80-часовая рабочая неделя становится нормой для многих молодых американцев. Это происходит не от бесконечной любви к труду - приходится оплачивать счета.
WHEN someone asks Roger Fierro “What do you do?” — which he knows is shorthand for “Where do you work?” — he laughs. Then he says, “I do everything.” Mr. Fierro, who is 26, has four jobs: working as a bilingual-curriculum specialist for the textbook publisher Pearson; handling estate sales and online marketing for a store that sells vintage items; setting up an online store for a custom piñata maker; and developing reality-show ideas for a production company. So far this month, he’s made about $1,800.
Whereas most 9-to-5ers have some kind of structure in their lives, each workday can be wildly different for him. On a recent day, he worked on and off from 7 a.m. to midnight, making business calls, working on the piñata store’s Web site and visiting the vintage store, among other things. (To maintain his sanity, he made sure to schedule some “me” time from 2 to 4 and 6 to 8.)
“I have eight million things going on,” said Mr. Fierro, who lives in the West Town area of Chicago. “It’s exhausting. Sometimes I just want to take a nap.”
Some portions of the population — especially young, creative types like actors, artists and musicians — have always held multiple jobs to pay the bills. But people from all kinds of fields are now drawing income from several streams. Mr. Fierro, for one, has a degree in international studies and Latin American studies at the University of Chicago.
Some of these workers are patching together jobs out of choice. They may find full-time office work unfulfilling and are testing to see whether they can be their own boss. Certainly, the Internet has made working from home and trying out new businesses easier than ever.
But in many cases, necessity is driving the trend. “Young college graduates working multiple jobs is a natural consequence of a bad labor market and having, on average, $20,000 worth of student loans to pay off,” said Carl E. Van Horn, director of the John J. Heldrich Center for Workforce Development at Rutgers.
“There are two types of people in this position: the graduate who can’t get a full-time job, and the person whose income isn’t sufficient to meet their expenses,” he said. “The only cure for young people in this position is an economic recovery of robust proportions.”
An entry-level salary often doesn’t go very far these days. According to a study by the Heldrich Center, the median starting salary for those who graduated from four-year degree programs in 2009 and 2010 was $27,000, down from $30,000 for those who graduated in 2006 to 2008, before the recession. (Try living on $27,000 a year — before taxes — in a city like New York, Washington or Chicago.)
Many earn even less than $27,000. Maureen McCarty, 23, who graduated from American University in 2010 with a journalism degree, makes $25,000 before taxes as managing editor of TheNewGay.net, a blog focusing on gay issues, with no benefits like health insurance or a 401(k). The salary doesn’t cover her expenses, so she often baby-sits five nights a week for six families in the Washington area.
Without the baby-sitting jobs, she says, she couldn’t afford to live in Adams Morgan, a hip neighborhood in Washington, or take a vacation: “I’m working in online publishing, an industry that is struggling to monetize, so if I want to do anything fun, like take a trip to New Orleans, I have to have additional income.”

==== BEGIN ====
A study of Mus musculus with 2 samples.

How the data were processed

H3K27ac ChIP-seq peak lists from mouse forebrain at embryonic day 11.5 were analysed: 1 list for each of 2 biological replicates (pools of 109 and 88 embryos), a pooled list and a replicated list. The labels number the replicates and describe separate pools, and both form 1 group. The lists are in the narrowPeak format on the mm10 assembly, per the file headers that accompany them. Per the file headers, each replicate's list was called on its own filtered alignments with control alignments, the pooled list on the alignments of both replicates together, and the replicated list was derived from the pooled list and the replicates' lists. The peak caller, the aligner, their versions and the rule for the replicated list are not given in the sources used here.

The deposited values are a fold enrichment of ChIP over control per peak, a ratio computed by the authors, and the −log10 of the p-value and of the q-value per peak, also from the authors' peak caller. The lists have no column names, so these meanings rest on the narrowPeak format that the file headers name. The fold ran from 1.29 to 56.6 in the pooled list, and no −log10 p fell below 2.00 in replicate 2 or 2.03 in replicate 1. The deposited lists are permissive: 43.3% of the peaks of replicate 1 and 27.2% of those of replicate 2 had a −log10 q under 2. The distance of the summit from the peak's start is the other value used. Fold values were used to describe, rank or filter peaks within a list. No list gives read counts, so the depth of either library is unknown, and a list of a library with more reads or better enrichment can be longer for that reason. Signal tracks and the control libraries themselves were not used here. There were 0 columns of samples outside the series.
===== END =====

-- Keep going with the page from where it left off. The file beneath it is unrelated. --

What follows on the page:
Juggling jobs has its perils. “I do sometimes get my schedules mixed up and will double- or even triple-book myself,” Ms. McCarty said. Maintaining a social life can be challenging, and it might consist of “dragging a friend along while I run errands on a Saturday.”
“Sometimes I do get burnt out from all of the juggling, but caffeine, for the most part, keeps me going,” she said. “I try when I get to that point to take some time by myself even if it’s just 30 minutes during lunch.”
All told, Ms. McCarty says, she works 75 to 80 hours a week, a schedule more typical of investment bankers or lawyers aspiring to make partner in a firm — but for just a fraction of the pay.
Between her salary at TheNewGay.net and the $5,000 she makes at her various baby-sitting jobs, Ms. McCarty has a pre-tax income of $30,000, or about $2,500 a month. More than $700 a month goes to the apartment she shares with two roommates.
Some months, however, when she doesn’t have enough baby-sitting jobs lined up, Ms. McCarty has to make that “horrible phone call” to her parents to tell them that she can’t make her rent.
LOUISE GASSMAN, 28, has a rotating schedule of multiple jobs: as an actress; as an assistant to dance instructors at the Circle in the Square and Juilliard schools; as a baby-sitter; and in a variety of administrative roles and as a spinning instructor at SoulCycle, an indoor cycling studio in New York.
Ms. Gassman’s monthly income, which can vary greatly depending on whether she books an acting job, ranges from $1,800 to $4,000. Some months, almost all of her income goes to the $1,450 rent on her 290-square-foot studio on the Upper West Side of Manhattan. Whatever is left after essentials goes toward paying off her remaining $16,000 in college loans.
“I worry about money all the time,” Ms. Gassman said. “I live on a really tight budget, and I live paycheck to paycheck.”
Periodically, the accountant who cuts her check at SoulCycle reminds her that someone her age should be putting away $300 a paycheck for retirement, an amount that is sometimes almost half of her pay. “I’m like, retirement?” she asks. “Then I have the ‘Oh my God, Oh my God’ feelings.”